Yesterday, I introduced you to T and her belief that Divorce isn’t a failure. Today, T shares how her divorce lead her on a journey of discovery to find her spirituality. Here’s how she describes it:
When my marriage was ending, I discovered that I had invested so much in this false security of marriage and a relationship, thinking that was defining me and that was who I was: I was this person’s wife, I was these two children’s mom and this was my house and this was what I did. This was how I was defining myself and then I got laid off and I was a stay-at-home mom. Then I’m asking my husband to leave.
It was very much a sense of everything being stripped away. I think whenever you get to a point when you feel like you have nothing, you really start to notice the one thing you do have and for me that was my faith.
I had a vision of myself floating in nothingness and standing on my big toe on a rock. I had to look at the rock and I recognized that it was my faith. That led me to study more about my spirituality and my attitudes towards other people and myself.
I grew up Catholic, very much hard core Christian values but I was questioning at an early age. I’m one of those people that have to know the reason behind things. I decided to explore other faiths and other churches and trying them, basically to see, ‘Does this fit me?’ Then I was reading a book and someone told me “Take from the book what feels like truth and leave the rest behind.’ And I thought, ‘Wow. That feels more like me.’ So I can take the tenets from Christianity and Judaism and many different faiths and say I like this, or that doesn’t fit me.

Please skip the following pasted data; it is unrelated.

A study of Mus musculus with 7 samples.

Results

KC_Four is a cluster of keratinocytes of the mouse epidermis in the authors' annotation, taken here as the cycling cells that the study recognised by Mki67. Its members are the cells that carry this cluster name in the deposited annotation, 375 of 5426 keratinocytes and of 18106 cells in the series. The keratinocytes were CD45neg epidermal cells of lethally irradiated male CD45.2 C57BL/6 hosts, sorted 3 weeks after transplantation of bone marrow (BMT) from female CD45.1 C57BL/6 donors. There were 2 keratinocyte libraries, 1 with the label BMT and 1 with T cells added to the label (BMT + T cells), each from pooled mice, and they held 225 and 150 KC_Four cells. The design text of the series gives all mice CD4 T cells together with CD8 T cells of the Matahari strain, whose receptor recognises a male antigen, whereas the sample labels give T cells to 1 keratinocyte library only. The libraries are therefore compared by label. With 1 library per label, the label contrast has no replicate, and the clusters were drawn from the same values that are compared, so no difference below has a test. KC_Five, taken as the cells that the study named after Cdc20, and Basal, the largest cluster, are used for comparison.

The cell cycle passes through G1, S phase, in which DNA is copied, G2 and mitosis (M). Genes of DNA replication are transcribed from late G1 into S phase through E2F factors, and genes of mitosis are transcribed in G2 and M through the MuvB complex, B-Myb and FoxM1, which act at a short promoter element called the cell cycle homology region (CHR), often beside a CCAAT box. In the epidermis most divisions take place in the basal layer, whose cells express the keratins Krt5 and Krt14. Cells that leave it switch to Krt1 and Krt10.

I’m not a organized religion person. I’m more of a spiritual person in that I believe that all of us are divine and I don’t think there is one particular path that leads to God. I think there’s many and so I don’t chide anyone for what they believe and I’d prefer them not try to push it on me.
I think that possibly divorce brings such a dramatic change in life, that it opens our minds and makes us more receptive to other possibilities. Carol Grever also experienced a Spiritual Awakening during her divorce. I was raised Christian – Church of England – but haven’t belong to a church for many years. I’ve become very disillusioned with organized religions but I haven’t found the answer that works for me yet. Currently, I’m audited a philosophy class on Buddhism – I’m glad I’m auditing it because the readings are hard to understand and I don’t think I would do very well with the assignments. There’s much about Buddhism that I like but I am struggling to understand the concept of ‘not-self.’ I think that ties into what T was saying that we do tend to define ourselves by the roles we assume and when we don’t have those roles, or are asked to describe ourselves in other ways, it’s hard. How would you describe yourself?